Women in Podcasting: Interview with Pam from Hip to Be a Square

Hip to be a square logoPam from Hip to Be A Square podcast has stitched together a show about many different topics. It is about quilting and crafting. It is also about things that geeks and nerds would find interesting and relatable. The podcast even has Helper Cats! Everything gets put together in a similar way to how little pieces of fabric are turned into a quilt. Her tagline says it all: “Quilt long and prosper.”

When did you get started in podcasting? Can you give us a brief history of your podcasting experiences between then and now?

I started my current podcast in October of 2010, although I’d had experience previously as producer/speaker on another podcast. I first discovered podcasts just after my daughter was born in 2006, when maternity leave from my full-time job left me feeling out of touch (and too many re-run episodes of Law & Order were not helping!). I started listening to a podcast about science fiction literature and television on the recommendation of a friend, and heard their call for female voices to help with the “on-air” reviews. I’ve loved science fiction since I was a kid, and thought, “Why not me?” So I worked with that team for about a year and a half, and then it podfaded. Around that time, I started listening to quilting podcasts, which is another hobby of mine. After a year or so, one of the podcasters put a call out for other listeners to start more quilting podcasts, and again I thought, “Why not me?” and voila! Hip to be a Square was born, “your place for things quilty and geeky”.

What inspired you to become a podcaster?

Aside from the narcissism of thinking, “Why not me?”, I was looking for a way to keep a diary of sorts to track the quilts I was making. I had kept up a mommy blog about my experiences in raising my kids when they were really young, but I got sick of hearing myself say “gosh, motherhood sure is hard!”, so I started writing more about what I was sewing. I was really not sure how a visual medium like quilting would come across in an audio format, but I thought I’d give it a shot! My podcast has become a bit of a weekly diary about projects I’m working on, with a smattering of product reviews for quilting tools and patterns. I’ve also started talking more about what I’m reading, recipes I’ve tried, struggles with depression and anxiety, and fitness updates since I’ve recently lost a of weight.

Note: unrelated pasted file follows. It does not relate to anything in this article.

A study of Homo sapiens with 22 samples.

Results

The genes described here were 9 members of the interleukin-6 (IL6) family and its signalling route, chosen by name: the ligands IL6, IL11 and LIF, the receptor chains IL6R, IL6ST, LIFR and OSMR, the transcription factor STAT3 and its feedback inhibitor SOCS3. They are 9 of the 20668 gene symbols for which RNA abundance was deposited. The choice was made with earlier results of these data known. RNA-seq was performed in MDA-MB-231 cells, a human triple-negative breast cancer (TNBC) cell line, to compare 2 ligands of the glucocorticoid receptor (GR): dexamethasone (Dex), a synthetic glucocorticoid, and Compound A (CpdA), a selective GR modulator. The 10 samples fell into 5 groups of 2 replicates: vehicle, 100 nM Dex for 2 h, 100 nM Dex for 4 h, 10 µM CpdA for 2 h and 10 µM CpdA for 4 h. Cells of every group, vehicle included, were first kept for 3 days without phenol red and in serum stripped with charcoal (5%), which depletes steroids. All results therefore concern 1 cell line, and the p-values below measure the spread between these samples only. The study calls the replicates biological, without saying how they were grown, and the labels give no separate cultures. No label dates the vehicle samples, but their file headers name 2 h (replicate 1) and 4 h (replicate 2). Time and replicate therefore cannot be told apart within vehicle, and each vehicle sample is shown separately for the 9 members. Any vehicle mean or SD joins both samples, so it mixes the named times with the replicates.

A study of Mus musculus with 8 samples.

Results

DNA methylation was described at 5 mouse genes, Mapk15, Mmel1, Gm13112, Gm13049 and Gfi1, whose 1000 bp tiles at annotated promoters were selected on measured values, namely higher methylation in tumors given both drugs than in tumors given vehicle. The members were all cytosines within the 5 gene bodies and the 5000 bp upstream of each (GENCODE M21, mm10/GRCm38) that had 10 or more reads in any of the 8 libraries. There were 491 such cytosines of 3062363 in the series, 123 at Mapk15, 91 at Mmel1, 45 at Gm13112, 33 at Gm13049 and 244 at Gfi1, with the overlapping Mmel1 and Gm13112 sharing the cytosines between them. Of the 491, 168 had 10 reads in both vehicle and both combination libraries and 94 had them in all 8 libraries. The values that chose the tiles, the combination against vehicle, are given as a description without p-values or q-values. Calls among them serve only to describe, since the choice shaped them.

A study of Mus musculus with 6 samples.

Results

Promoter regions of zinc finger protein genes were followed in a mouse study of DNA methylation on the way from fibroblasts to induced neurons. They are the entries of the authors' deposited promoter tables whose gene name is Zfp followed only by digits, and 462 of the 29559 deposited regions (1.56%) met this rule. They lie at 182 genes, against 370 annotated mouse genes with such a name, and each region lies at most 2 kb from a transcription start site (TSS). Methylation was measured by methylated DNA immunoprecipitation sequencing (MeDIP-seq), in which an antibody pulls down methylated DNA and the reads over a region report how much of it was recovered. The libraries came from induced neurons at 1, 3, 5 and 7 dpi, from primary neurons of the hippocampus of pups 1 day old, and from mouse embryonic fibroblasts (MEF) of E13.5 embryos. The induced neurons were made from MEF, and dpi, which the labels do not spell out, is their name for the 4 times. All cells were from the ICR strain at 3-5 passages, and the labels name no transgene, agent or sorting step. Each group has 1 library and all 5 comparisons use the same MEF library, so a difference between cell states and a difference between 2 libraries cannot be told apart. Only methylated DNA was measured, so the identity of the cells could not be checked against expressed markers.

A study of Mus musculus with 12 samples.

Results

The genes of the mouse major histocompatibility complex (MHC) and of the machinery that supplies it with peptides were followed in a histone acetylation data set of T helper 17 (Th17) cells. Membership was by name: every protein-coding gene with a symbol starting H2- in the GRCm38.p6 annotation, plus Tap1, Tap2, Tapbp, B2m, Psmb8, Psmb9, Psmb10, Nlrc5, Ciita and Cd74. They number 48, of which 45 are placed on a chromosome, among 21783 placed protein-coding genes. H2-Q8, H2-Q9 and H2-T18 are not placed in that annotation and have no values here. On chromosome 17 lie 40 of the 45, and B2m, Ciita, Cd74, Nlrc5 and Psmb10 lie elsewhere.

How did you come up with the name of your podcast? Can you tell us about how that relates to the topics you cover in your podcast?

As a nine year old nerdy girl, I really felt like Huey Lewis and the News was speaking to me with their song “Hip to be Square”, and at that time I in my quilting career, my quilts were mostly made up of squares I sewed together. I think my original idea was to show every how awesome quilts could be even if they only had squares in them. Eventually I realized there really are a lot of interesting shapes out there like triangles and rectangle and even an odd hexagon or circle, so my quilting repertoire has grown, but I still love the name for the nerdy connotations.

What words of wisdom would you share with women who are thinking about starting their own podcast?

Don’t overplan your podcast, and let it evolve organically. When I first sat down to record, I had a list of topics that was supposed to carry me though the first 4 episodes, and I talked so fast and so briefly about each topic that I covered them all in 22 minutes. And that included an introduction of who I was and my sewing history! I was so inspired by other quilting podcasters that had research topics like the history of a particular technique or quilt style, and I desperately wanted to emulate them. I came to realize my niche in the microcosm of quilting podcasts, though, was being the girlfriend you sit next to who makes funny comments under her breath and tells a LOT of stories about her cats and why she loves Han Solo and Captain Picard. Some of my favorite podcasts have been ones where I’ve skyped in another quilting podcaster and we do my episode together, but all the listeners get to eavesdrop on our conversation.

I’ve seen a lot of podcasts, both quilting and other lifestyle ones, that podfaded because the effort involved in researching or producing (like adding sound effects or bumper music) got to be too much for a one-person operation. We just want to hear your voice!